Habayit Hayehudi

Leader: Rafi Peretz
Current Seats: 5
Government/Opposition in Last Knesset: Government
Supports/Opposes Two-State Solution: Opposes

Habayit Hayehudi is a right-wing national-religious party. The party was originally formed in 2008 as a union of the National-Religious Party, Moledet, and Tkuma. The party began achieving broader success in 2012, under the leadership of Naftali Bennett, a modern Orthodox businessman. Bennett split from the party in late 2018, launching Hayamin Hehadash.

Three MKs, including Education and Diaspora Affairs Minister Naftali Bennett and Justice Minister Ayelet Shaked, left Habayit Hayehudi to form Hayemin Hehadash.

When Bennett led the party, he pushed a program known as the Bennett Plan or the Stability Plan, which calls for the annexation of Area C (60 percent) of the West Bank and the establishment of an autonomous Palestinian regime in the remaining 40 percent of the territory. MK Bezalel Smotrich, who leads Tekuma sought the leadership of the rump Habayit Hayehudi, has espoused more extreme views than Bennett, including explicit support for segregation and the removal of Palestinian traffic from West Bank roads. Bayit Yehudi will also run on a joint list with Otzma Yehudit, a Kahanist faction that advocates the expulsion of Palestinians from Israel and the West Bank, at the insistence of Prime Minister Benjamin Netanyahu. The party ultimately elected Rabbi Rafi Peretz, a former IDF chief rabbi, as its leader in an attempt to retains some of its mainstream clout, though its reputation will likely be muddied by association with Otzma and Tkuma.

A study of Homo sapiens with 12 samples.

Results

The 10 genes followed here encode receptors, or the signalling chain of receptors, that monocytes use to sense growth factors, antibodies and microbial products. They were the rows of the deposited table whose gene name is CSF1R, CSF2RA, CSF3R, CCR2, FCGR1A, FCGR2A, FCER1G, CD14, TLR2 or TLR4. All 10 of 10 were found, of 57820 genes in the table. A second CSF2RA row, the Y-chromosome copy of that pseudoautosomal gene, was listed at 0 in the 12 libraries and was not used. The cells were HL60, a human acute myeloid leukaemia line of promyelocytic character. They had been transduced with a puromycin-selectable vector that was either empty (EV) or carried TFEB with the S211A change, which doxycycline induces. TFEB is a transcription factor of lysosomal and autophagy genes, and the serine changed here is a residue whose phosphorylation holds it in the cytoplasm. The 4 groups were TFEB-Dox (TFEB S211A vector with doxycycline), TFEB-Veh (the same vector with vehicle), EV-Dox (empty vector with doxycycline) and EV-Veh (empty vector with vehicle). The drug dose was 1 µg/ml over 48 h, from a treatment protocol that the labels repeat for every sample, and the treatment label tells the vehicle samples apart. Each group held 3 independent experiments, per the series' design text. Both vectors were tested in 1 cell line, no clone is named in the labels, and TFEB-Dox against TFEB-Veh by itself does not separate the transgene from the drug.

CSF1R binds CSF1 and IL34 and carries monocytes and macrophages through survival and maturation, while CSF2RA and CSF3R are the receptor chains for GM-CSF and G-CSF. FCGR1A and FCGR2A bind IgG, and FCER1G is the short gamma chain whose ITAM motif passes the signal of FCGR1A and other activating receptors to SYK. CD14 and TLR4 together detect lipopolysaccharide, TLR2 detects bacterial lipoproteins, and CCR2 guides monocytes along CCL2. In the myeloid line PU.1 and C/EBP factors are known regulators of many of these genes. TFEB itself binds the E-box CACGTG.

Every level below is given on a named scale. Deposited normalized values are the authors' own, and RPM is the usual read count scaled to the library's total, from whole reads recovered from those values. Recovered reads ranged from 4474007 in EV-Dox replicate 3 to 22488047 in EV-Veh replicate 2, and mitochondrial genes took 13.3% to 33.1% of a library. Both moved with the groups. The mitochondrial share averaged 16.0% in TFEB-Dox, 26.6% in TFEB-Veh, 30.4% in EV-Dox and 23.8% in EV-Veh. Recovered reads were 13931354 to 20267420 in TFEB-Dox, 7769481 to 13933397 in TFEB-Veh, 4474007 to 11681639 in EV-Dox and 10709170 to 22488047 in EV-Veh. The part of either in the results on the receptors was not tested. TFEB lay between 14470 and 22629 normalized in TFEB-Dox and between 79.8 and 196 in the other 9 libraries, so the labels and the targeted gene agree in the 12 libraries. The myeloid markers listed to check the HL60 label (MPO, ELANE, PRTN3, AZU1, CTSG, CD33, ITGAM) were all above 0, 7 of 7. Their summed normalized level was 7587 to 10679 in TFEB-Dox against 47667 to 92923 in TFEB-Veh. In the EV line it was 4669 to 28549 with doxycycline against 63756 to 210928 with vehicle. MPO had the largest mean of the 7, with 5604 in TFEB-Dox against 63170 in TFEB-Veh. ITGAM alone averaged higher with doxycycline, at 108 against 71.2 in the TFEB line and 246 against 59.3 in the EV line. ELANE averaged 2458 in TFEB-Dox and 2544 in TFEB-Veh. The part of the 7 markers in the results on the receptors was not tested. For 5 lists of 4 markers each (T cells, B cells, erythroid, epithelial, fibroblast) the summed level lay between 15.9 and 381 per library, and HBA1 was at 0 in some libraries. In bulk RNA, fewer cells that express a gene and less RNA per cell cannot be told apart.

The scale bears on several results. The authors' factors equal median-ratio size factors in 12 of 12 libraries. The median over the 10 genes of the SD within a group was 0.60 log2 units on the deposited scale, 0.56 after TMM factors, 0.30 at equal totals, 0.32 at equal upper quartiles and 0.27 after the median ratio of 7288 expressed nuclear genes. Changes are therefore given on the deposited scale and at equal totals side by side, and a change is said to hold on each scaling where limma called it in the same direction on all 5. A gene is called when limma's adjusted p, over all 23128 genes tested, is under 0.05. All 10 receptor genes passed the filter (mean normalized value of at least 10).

Former IDF Chief Rabbi Rafi Peretz was elected to lead Bayit Yehudi after Naftali Bennett’s departure.

Habayit Hayehudi was a major coalition partner for Benjamin Netanyahu in his last two governments, with Naftali Bennett and Ayelet Shaked holding major ministerial portfolios. However, the departure of Bennett and Shaked (herself a secular Israeli Jew), along with the renegotiation of Tkuma’s role in the party and the joint list with Otzma Yehudit, will likely diminish much of Habayit Hayehudi’s appeal outside a hardcore settler constituency.